Fifteen towns share £1.5m aid to revive High Streets

 
A run-down street with closed shops in Altrincham, northern England More than one in ten shops on UK High Streets are empty, figures show


The plan has been spearheaded by retail expert Mary Portas, who has described the traditional High Street as being at crisis point.

Twelve towns, dubbed as Portas' Pilots, were given cash to rejuvenate their shopping areas earlier this year.

High Streets in London, Liverpool, Hatfield, Brighton are among those to benefit from the new round of funding.

The 15 areas are: Ashford; Berwick; Braintree; London Road in Brighton; Hatfield; Royal Leamington Spa; Lodge Lane in Liverpool; the Cut in the Waterloo area of central London; Forest Hill in south London; Chrisp Street, Watney Market, Roman Road in Tower Hamlets, east London; Loughborough; Lowestoft; Morecambe; Rotherham, and Tiverton.

The funding for the three London areas is to be provided by the Greater London Authority, while the government will put up the remaining £1.2m.

The areas say they will use the funding in different ways. For example, Tiverton in Devon says it plans to improve parking facilities to encourage more visitors and tourists, while in Liverpool aspiring young entrepreneurs will be offered a mentoring service.

More than 400 towns made applications for funding and business support following a report by Ms Portas into the state of the High Street.

Emma King, town centre manager in Lowestoft, which is one of the successful bidders, said it should make a big difference to them.

Start Quote

This government's failed economic policy and double-dip recession made in Downing Street is clearly damaging High Streets ”

End Quote Roberta Blackman-Woods Shadow planning minister

"It's going to open up such a lot of advice and information for us," she told BBC News.

"It's not only the £100,000 funding that we'll get, which of course we're going to spend wisely and will help enormously, but it's also raising the town's profile."

Those areas unsuccessful so far will still be able to bid for a share of a £5.5m being made available for individual projects, Local Government Minister Grant Shapps said.

"Things are tough for everybody, and retail in particular," Mr Shapps said.

Latest figures show the recession in the UK deepening and the output of the retail sector falling.

"This process isn't going to just wipe away the backdrop of what's going on in the eurozone and the rest of it, but it is part of the solution," he said.

Cutting red tape

More than 11% of town centre shops are currently empty across the UK and the number of shoppers has been falling.

Last week, the Department for Communities announced measures to try to revitalise High Streets, in response to recommendations in Ms Portas's report.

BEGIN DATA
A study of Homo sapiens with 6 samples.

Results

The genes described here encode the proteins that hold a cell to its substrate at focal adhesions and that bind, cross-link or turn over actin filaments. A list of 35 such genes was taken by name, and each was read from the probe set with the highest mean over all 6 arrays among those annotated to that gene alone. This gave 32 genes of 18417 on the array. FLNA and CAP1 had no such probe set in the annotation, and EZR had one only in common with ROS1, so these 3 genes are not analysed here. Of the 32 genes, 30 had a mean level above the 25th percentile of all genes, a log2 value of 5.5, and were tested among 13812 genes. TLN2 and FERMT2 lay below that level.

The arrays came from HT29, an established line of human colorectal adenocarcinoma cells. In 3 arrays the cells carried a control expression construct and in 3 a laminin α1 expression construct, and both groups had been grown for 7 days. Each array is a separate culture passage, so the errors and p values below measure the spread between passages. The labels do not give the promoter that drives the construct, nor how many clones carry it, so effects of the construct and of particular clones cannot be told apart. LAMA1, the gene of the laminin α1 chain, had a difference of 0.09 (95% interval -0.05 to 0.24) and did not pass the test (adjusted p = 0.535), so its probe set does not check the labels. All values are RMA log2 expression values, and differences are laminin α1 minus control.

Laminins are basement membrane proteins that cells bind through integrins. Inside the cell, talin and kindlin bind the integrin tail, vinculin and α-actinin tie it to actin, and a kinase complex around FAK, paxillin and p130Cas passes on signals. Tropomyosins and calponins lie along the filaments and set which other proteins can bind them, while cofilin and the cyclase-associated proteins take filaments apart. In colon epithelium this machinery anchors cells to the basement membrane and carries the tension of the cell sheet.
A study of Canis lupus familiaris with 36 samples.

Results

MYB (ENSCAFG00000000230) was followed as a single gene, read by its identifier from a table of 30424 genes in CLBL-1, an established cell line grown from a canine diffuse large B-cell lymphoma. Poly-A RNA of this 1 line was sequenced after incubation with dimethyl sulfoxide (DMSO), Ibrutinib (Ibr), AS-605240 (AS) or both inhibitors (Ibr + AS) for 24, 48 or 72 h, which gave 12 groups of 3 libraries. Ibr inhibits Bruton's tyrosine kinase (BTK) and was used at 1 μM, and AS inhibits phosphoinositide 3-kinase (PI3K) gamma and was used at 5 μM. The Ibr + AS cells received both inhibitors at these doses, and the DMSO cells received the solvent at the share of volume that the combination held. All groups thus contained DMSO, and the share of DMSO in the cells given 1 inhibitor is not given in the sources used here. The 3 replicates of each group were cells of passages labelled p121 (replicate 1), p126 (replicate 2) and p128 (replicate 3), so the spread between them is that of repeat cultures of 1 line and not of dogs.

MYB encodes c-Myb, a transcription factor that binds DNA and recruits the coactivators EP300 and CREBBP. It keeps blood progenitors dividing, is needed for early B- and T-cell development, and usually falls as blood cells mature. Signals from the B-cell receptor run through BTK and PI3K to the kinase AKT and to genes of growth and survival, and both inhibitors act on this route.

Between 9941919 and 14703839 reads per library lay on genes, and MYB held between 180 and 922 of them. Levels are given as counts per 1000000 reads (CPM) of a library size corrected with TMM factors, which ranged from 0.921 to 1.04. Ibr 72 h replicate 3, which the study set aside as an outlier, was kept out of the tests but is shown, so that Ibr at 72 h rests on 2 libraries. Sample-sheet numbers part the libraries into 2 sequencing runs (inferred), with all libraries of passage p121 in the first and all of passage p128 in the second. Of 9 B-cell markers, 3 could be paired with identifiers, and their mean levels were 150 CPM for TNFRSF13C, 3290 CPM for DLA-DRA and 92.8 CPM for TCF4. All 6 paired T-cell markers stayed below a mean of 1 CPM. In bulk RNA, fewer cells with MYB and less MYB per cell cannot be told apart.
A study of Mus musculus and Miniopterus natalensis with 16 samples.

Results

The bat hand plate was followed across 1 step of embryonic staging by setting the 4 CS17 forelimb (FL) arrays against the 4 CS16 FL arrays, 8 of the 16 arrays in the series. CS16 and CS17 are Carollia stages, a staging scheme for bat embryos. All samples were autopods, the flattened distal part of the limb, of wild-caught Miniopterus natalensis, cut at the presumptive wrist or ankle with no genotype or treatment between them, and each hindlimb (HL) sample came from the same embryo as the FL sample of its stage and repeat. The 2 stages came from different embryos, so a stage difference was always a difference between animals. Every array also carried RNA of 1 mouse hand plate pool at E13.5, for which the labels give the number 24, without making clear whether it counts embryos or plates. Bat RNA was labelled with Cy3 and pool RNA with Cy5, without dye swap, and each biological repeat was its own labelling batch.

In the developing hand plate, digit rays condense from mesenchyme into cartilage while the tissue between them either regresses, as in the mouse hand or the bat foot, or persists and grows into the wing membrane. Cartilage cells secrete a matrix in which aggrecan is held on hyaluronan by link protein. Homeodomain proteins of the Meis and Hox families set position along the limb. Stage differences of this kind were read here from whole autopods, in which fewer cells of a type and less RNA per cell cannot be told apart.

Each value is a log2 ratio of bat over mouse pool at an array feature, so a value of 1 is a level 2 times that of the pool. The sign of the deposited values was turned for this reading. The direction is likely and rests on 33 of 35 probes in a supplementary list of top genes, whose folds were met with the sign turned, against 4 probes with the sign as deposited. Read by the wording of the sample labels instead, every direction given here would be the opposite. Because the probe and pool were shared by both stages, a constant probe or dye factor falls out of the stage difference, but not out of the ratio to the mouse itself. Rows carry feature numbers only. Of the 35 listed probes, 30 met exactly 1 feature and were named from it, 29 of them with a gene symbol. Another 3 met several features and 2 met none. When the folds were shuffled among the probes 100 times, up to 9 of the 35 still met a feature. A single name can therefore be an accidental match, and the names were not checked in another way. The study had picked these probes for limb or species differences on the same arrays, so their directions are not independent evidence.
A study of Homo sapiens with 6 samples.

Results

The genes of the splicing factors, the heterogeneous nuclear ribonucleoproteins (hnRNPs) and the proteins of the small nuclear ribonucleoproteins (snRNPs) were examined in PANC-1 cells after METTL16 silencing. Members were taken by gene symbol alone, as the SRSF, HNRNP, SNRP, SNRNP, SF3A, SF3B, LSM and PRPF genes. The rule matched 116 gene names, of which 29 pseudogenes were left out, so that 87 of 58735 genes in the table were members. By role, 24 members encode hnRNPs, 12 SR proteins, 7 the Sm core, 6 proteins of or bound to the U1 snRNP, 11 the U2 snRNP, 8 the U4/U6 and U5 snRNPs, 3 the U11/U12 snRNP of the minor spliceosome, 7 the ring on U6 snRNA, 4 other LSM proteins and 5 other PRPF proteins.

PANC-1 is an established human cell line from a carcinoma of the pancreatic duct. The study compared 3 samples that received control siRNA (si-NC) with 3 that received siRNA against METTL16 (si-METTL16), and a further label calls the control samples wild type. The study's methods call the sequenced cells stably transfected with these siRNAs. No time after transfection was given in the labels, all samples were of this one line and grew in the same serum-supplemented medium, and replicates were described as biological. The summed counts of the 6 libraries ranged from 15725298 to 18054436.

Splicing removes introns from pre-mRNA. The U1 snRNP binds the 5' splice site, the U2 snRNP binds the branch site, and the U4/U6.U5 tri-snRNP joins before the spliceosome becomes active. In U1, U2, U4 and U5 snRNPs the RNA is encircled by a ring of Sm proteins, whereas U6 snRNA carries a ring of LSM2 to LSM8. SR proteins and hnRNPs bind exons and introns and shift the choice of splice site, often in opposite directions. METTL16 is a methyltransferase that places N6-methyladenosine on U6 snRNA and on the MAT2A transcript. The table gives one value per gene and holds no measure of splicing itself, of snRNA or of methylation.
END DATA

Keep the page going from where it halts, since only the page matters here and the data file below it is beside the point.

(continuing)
Ministers say they will cut red tape to make it easier for business people to move into empty premises and open so-called pop-up shops.

Retailers will now also have up to two years to apply for planning permission instead of having to do so immediately.

But critics suggest high rents and rates are a more serious obstacle to reviving High Streets.

Shadow planning minister Roberta Blackman-Woods said: "There are now a record 23,406 empty shops in town centres alone but ministers are still failing to grasp the seriousness of the situation.

"This government's failed economic policy and double-dip recession made in Downing Street is clearly damaging High Streets across the country and short-term schemes like this will not be enough to save them."

 

    +1

    Comment number 331.

    £100,000 per town isn't going to go very far. The decline of the high street reflects retail decline irrespective of where it is. Job insecurity and bleak prospects have probably made most of us stop, think and say to ourselves - do I really need XYZ? The retail glut of the past few years was artificially fuelled, and we've emerged blinking into stark reality, chastened and wiser.

  • rate this
    +4

    Comment number 307.

    Some people have mentioned the massive Westfield shopping malls. Merry Hill, Dudley is one such Westfield site, now complete with 'city living' (euphemism for over priced shoeboxes) and has decimated Brierley Hill high streetand market. All the little specialist shops have shut up and moved away. It's tragic. Very little North of the Watford Gap seems to matter to the government.

  • rate this
    +66

    Comment number 148.

    I own a small shop In a small market town;
    rent £15,000 a year
    rates £6000 a year
    Rubbish collection £1500 a year
    Licences £1000 a year
    Then electric, 2 part time staff and so on.
    There is virtually no parking in the town and we have alreadt 3 superstores with planning for a forth just approved.
    We are good at what we do and inventive but the game is so ONE SIDED - Each year justb gets harder!

  • rate this
    +20

    Comment number 136.

    I used to pop in to Brighton for a coffee after working from home. Now it costs me twice the price of a coffee just to park the car and that remains in place until 8pm!!!! The councils need to stop being greedy and encourage people in. A local coffeeshop has a voucher on the back of a parking ticket to give you a free coffee, now that is showing initiative.

  • rate this
    +20

    Comment number 114.

    Sorry but it's a waste of time and money. Shopping habits have changed, lots of people now shop via the internet and all the main supermarkets deliver. There's no need to go in to town, search for a high cost parking space and struggle between shops and car with purchases. It's all delivered to your door.

    The High Street is in terminal decline.